A Lesson from the Birds

Whenever I visit my mom in Florida, one of my favorite things to do is run on the beach. After forty-three years of being a “runner,” though some days “jogger” is a more apt term, my body welcomes the soft surface of sand beneath my feet. This is most definitely a kinder experience than asphalt roads and paved paths.

But there are more benefits to running on the beach than merely less stress on my joints and muscles. While dodging the back-and-forth surf so my sneakers remain dry, I become immersed in the rhythmic flow of the waves, the sun’s reflection bouncing off of the water, and the sound of birds swirling above. In essence, I lose my monkey mind and sense a beautiful freedom, one which only comes in moments like this, granting the peace and serenity I crave.

For those of you who know me, you might be surprised with my passion for running on the beach. Growing up, I was not a big fan of “the shore.” As a little girl, I hated the sand because it felt hot on the soles of my feet and clung to my skin, making me itch. However, the older I’ve become, the more I’ve grown to love the beach. There’s something about hearing the crashing waves, inhaling the salt air, and feeling the warm breeze against my face. And not only are beach runs the ultimate for Zen time, but they’re also when those treasured “aha” moments seem to unveil themselves. And this is exactly what happened last month.

The weather was perfect—low seventies, abundant sunshine, and a light breeze. After arriving at the beach, I turned left and headed south. Lost in my thoughts, my feet moved rhythmically to the beat of the song streaming through my headphones. Then, when I came to my turn around point, I noticed a group of people with cameras staring at a flock of birds. I asked a woman what was going on, and she shared the local chapter of the Audubon Society was photographing the birds for an article.

I’ve been coming to this beach for over twenty-five years, so I’m aware of the plethora of birds often present. However, I never stopped to fully observe them and their interactions. Instead, I’ve walked or run by, appreciated their beauty, but nevertheless, continued on my path.

Yet today, something within told me to pause and allow myself time to look at these magnificent creatures. And when I did, I saw birds of all different sizes, shapes, and types, communing together by shore. There were no squabbles or lines of division. Regardless of gender, species, or appearance, they all got along.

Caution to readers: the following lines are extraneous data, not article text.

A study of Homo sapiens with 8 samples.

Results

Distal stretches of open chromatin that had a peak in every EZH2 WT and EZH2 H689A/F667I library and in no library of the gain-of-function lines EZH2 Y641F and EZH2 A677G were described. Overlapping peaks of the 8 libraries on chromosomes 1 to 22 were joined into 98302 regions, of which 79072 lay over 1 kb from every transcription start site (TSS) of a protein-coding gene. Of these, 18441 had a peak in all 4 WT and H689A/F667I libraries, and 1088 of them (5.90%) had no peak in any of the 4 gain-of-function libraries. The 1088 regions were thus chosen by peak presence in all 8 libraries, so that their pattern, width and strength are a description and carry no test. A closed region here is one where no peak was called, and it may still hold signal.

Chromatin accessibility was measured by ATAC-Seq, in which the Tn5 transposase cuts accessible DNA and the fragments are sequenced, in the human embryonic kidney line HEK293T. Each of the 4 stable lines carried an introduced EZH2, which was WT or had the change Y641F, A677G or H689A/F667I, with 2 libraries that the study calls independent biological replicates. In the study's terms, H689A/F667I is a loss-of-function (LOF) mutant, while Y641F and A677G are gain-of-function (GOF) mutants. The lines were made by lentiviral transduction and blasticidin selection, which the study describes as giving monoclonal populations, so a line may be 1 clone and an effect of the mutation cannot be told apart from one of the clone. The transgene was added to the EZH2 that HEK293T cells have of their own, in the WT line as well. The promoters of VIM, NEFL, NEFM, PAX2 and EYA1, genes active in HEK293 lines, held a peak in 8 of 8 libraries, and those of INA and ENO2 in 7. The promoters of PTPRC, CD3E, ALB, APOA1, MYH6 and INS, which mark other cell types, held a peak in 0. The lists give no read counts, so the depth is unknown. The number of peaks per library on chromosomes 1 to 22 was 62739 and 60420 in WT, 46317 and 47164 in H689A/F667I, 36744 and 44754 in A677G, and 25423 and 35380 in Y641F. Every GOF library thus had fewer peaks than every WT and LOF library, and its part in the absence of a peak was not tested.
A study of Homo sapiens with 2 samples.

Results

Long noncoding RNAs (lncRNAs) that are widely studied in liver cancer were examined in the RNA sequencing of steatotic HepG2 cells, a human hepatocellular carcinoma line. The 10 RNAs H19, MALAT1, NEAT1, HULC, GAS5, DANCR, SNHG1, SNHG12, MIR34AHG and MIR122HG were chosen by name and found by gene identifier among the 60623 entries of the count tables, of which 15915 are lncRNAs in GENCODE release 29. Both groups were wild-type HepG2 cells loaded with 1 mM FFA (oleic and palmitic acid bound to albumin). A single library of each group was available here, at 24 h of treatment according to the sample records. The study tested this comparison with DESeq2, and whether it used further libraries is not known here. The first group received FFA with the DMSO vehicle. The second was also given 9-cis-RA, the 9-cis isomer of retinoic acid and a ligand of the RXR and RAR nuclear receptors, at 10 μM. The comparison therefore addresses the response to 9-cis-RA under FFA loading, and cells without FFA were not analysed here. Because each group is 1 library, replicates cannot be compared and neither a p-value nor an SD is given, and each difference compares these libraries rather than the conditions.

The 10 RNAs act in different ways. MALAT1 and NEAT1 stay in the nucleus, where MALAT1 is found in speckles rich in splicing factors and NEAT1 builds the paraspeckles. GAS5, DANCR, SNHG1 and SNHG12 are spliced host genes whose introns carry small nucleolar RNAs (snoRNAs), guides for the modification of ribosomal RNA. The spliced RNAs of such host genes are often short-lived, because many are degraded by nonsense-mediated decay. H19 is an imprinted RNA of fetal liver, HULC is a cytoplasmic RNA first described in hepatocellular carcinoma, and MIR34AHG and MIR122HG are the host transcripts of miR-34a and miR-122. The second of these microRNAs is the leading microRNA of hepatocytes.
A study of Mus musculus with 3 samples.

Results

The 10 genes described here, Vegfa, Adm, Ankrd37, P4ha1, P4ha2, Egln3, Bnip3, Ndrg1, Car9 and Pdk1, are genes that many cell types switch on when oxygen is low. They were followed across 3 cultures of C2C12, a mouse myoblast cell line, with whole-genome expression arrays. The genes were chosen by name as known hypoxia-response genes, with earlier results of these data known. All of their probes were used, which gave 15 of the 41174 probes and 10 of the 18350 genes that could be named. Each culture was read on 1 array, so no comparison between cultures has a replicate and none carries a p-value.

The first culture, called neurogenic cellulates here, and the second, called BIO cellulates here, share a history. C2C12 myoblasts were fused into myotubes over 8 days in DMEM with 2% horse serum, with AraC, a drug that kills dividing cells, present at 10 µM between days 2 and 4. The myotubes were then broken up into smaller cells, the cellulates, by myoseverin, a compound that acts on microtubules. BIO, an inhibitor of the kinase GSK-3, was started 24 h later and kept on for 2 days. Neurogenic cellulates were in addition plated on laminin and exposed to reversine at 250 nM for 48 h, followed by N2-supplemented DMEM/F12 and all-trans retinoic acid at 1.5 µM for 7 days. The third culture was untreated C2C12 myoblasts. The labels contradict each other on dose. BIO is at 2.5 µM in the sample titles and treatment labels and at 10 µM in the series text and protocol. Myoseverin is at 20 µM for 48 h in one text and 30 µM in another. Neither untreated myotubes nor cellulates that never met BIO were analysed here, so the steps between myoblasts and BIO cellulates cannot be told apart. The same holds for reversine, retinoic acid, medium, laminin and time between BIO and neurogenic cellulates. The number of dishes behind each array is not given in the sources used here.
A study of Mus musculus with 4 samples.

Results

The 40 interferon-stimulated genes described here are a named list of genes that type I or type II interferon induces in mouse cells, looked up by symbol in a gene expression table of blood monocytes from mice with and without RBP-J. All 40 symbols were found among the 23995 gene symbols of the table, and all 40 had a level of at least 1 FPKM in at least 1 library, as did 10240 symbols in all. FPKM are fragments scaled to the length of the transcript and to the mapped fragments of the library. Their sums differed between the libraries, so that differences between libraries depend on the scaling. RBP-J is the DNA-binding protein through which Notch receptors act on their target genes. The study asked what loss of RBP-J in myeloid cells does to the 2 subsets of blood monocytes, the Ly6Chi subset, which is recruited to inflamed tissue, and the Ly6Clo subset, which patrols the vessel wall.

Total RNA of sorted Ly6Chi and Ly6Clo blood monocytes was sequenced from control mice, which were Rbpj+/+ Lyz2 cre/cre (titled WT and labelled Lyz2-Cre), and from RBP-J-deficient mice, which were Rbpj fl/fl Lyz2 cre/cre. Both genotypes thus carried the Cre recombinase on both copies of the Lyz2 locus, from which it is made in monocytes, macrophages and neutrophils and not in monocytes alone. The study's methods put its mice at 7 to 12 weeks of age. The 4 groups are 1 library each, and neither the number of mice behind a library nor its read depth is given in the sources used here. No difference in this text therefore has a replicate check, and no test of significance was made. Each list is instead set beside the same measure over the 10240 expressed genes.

The more time I spent watching them, it became abundantly clear that these birds weren’t just co-existing, there was an inner communication among them. Yes, similar groups “flocked together,” but there was an inner mixing occurring. When part of the group moved, the rest followed, even if the “leaders” were not one of their own. I sensed an innate trust as well as a level of concern for the whole. Maybe what I felt was their oneness.

After a bit, I began running again. But instead of allowing my mind to drift as is my pattern, I contemplated what I’d just observed. If these different types of birds could get along so gracefully, why do humans constantly struggle to do the same? Why do we so often ignore, judge, or criticize those who differ in appearance, beliefs, or cultures?

Thinking back, I hadn’t observed any birds on the outskirts, isolated from the group. Not only were all included, but they also seemed to be welcomed, even protected by the flock. But that’s not how we behave. We tend to keep to those like us. In fact, some people even lack tolerance for others with differing backgrounds, cultures, or opinions. And then it hit me …

What can’t we learn from the birds?

The entire way home, my mind dove into this question, dissecting the unparallel behavior between birds and humans. Then I thought about Canadian geese and how they take turns leading the group as they fly in V-formation. But it’s more than sharing the responsibility to steer the birds in the correct path. They switch positions to give the lead bird a rest from taking on the most air drag. By alternating which bird guides the geese, each receives a break, allowing time to recuperate at the back of the V.

Apparently, birds have an internal connection of sorts, allowing communication at a higher level, one we cannot measure or even comprehend. I assume they rely on this ability to survive.

If different types of ocean birds can get along, and if geese possess the ability to cooperate in leadership roles, we surely can learn from their behaviors. However, humanity continues to ignore the beauty of connectivity, and instead, we allow our egos to rule. Whether the cause is fear, greed, or power, somewhere along the line we’ve become isolated from the big picture—we forget that each of us is part of the human experience, here to learn, love, and care for one another.

That view on the beach remains imprinted in my mind. If only we could learn from the birds … what a wonderful world that would be.